Thousands of cities can now share local climate data with the Carbon Disclosure Project (CDP) and ICLEI – Local Governments for Sustainability (ICLEI) simultaneously, after the two organisations launched a shared reporting platform.
The new reporting platform comes just a few months after Cities Today reported that the Global Covenant of Mayors will use a new framework for reporting urban greenhouse gas emissions in cities from 2019.
The open source system will also facilitate reporting to the EU Covenant of Mayors’ My Covenant platform and comes as governments face mounting pressure from the Extinction Rebellion movement and activists like Greta Thunberg, to do more to tackle climate change.
Speaking to Cities Today, Kyra Appleby, Global Director of Cities, States, and Regions at CDP, said the new system will offer “a smoother, cleaner, simpler process” and “give cities more time to focus on their work and spend less time reporting”.
“Our main goal is to make things simpler for cities [and] we hope [this will lead] to more climate action plans, more emissions reductions targets, and hopefully stronger emissions targets as well,” said Appleby.
She confirmed that part of the process of simplifying reporting involved removing irrelevant questions about the administrative structures of city governments, among other things.
The unified platform is aligned with the new reporting framework at the Global Covenant of Mayors and will be available to all 9,219 members of the international coalition, as well as C40 Cities members, through existing agreements with CDP and ICLEI.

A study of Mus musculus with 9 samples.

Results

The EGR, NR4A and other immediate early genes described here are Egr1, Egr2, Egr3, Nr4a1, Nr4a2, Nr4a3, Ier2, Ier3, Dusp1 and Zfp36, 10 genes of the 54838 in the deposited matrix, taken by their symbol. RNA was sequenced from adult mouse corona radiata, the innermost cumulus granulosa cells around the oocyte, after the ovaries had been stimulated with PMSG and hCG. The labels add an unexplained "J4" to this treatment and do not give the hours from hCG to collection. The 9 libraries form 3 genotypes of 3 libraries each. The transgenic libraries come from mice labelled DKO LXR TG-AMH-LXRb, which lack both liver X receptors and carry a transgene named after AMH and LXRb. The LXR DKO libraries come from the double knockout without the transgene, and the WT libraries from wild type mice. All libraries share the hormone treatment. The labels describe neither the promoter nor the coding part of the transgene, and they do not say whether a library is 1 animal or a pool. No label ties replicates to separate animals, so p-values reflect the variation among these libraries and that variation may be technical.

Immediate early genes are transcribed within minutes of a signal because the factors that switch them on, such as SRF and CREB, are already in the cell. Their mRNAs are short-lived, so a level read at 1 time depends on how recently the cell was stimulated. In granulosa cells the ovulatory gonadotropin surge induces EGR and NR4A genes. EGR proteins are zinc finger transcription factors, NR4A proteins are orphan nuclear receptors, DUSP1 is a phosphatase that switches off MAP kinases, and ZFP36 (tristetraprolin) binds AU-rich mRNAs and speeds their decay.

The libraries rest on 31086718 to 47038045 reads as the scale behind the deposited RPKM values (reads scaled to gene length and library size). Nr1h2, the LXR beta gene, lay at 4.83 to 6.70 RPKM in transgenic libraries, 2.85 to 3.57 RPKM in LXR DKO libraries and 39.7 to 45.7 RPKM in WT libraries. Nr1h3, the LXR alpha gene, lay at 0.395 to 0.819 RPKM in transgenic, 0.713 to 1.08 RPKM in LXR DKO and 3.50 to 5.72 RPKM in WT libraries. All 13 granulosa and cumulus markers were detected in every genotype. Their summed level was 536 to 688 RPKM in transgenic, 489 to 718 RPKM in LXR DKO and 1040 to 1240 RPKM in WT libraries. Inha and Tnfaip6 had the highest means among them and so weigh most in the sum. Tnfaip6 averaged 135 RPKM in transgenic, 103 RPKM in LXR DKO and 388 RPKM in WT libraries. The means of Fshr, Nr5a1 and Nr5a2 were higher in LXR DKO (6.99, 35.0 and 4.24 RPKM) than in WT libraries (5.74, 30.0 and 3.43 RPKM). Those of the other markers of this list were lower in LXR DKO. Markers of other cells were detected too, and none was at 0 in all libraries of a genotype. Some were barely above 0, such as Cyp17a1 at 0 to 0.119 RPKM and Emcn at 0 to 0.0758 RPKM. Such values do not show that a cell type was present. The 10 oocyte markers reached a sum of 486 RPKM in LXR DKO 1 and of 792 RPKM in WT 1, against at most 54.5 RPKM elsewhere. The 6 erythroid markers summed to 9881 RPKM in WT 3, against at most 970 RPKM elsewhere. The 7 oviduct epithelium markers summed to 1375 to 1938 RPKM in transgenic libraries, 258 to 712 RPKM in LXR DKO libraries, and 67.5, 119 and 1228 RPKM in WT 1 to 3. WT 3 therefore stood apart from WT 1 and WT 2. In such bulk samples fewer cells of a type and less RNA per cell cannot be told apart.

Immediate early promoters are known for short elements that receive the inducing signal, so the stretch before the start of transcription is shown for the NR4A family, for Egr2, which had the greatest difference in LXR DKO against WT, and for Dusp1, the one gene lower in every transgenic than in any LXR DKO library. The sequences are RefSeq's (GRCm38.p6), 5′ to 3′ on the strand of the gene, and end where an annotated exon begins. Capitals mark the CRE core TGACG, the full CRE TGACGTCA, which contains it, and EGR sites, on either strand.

Participants in the WWF One Planet City Challenge will also have access to the platform.
Björn Hugosson, Chief Climate Officer at the City of Stockholm explained that “as a city that reports to both CDP and ICLEI, we are thrilled that we will only need to report once through the unified reporting system and our data will be shared with both organisations.”
Meanwhile, other cities are also being encouraged to take the first steps towards disclosing information about emissions and join the 300 cities that have already developed climate action plans.
“We’re capturing a wide spectrum of information that could help advance learning and a better understanding on how to tackle climate change more efficiently,” said Maryke van Staden, Director of the Bonn Centre for Local Climate Action and Reporting and Manager of the Low Carbon City Agenda at ICLEI.
“If we can get a bigger batch of data, we can also show more robust trends,” van Staden concluded.